I was unpacking a box of books from our storage unit today, and found this timely tome.

An hour ago I noticed out the window as two people stepped out of a car in a nearby driveway and walked to the front door. Both wore what appeared to be full hazmat suits.

At least 100,000 Americans will die before the pandemic passes by; and that’s if people follow the experts’ strict guidelines. If they do not, the number could be as high as two million. Our idiot president finally acknowledged yesterday that this is not going to blow over by Easter (“like a miracle,” he claimed at one point) and he extended recommended social-distancing guidelines to April 30 — still much too optimistic a date. And today, Virginia Governor Ralph Northam announced that the state recommendations for residents to stay at home are no longer recommendations; they are the law.

He did the right thing. People were ignoring the pleas to stay at home and were crowding the beaches, hosting parties, and hanging out in large groups. Now, such behavior can lead to arrests and large fines. (Technically, it can even lead to jail time, but nobody really thinks that’s going to happen, with all the scientists urging governments to release inmates who are at risk or who are not a threat to the community. Most inmates live in overcrowded conditions with little access to sanitation. Personally, I’d send almost everyone home and put them under house arrest or premature release, with only violent felons remaining in prison.)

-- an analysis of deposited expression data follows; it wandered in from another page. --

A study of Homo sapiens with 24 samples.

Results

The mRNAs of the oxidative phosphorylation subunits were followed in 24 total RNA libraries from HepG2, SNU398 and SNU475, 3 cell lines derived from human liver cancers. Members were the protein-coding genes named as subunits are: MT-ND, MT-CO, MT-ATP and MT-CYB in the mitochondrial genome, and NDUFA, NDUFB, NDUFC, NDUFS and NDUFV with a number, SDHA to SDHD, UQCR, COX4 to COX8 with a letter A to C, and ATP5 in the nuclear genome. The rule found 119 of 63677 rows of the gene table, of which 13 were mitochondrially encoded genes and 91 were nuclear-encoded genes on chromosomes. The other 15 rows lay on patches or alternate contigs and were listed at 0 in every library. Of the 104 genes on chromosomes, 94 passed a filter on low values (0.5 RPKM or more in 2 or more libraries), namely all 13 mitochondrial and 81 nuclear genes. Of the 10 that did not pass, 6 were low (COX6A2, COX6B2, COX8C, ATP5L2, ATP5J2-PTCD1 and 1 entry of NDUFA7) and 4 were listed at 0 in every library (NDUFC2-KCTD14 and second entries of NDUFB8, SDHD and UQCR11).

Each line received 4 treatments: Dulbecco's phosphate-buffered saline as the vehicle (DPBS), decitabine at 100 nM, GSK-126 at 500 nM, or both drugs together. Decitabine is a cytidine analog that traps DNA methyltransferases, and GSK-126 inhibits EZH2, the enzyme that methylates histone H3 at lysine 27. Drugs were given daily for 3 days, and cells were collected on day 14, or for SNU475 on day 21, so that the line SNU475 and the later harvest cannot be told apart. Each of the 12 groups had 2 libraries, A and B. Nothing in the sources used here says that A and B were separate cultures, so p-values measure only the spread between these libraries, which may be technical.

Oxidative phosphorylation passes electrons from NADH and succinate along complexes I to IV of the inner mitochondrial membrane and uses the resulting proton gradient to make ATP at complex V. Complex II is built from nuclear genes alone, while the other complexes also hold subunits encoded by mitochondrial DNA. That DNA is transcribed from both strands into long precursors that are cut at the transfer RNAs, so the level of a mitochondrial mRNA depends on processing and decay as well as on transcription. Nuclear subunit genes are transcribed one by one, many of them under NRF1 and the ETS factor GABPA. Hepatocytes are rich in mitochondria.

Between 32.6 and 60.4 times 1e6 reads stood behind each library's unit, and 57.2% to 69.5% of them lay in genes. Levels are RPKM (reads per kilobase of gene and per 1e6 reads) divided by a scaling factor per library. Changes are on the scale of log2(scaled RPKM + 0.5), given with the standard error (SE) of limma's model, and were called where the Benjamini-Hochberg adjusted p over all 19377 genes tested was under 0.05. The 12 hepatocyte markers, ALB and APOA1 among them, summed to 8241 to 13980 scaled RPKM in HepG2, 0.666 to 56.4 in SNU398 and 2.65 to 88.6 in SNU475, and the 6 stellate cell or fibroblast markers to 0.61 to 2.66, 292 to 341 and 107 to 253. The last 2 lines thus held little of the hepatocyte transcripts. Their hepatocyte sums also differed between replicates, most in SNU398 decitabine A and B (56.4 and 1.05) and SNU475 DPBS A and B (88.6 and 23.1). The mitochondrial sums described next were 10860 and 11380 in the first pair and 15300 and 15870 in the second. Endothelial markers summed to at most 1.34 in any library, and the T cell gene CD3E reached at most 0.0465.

In Virginia, we are told to stay home except for buying food or medicine, checking on sick family members, going to work (for those who still have work to go to), exercising outdoors, and taking care of a few other specific needs. When we do out, we must stay at least six feet from anyone we don’t live with. Groups of people in any place, indoors or out, cannot exceed 10 people. As before, restaurants can stay open, but only for takeout or delivery, and cannot have more than 10 customers at a time.

My husband Bob has been working from home most days. He had to go into the office for a few hours one day last week, and he will have to go in tomorrow as well. With almost everyone at home, he can get a parking space there (he does not normally have one) so he will not have to take the Metro, thank goodness. I have been freelancing as a writer for years, so I was already working at home — except for my twice-a-week writers’ group sessions in coffee shops, which I am sorely missing. My son barely moves from his room, though I wish he were spending more time on his remote school work and less on video games. He says it’s OK that he’s missing out on graduation, prom, and all the other end-of-senior-year events, but I think he is only just beginning to understand just how important those rituals would have been.

Yes, it sucks. But it’s necessary. Stay home, everyone! And let’s be careful out there.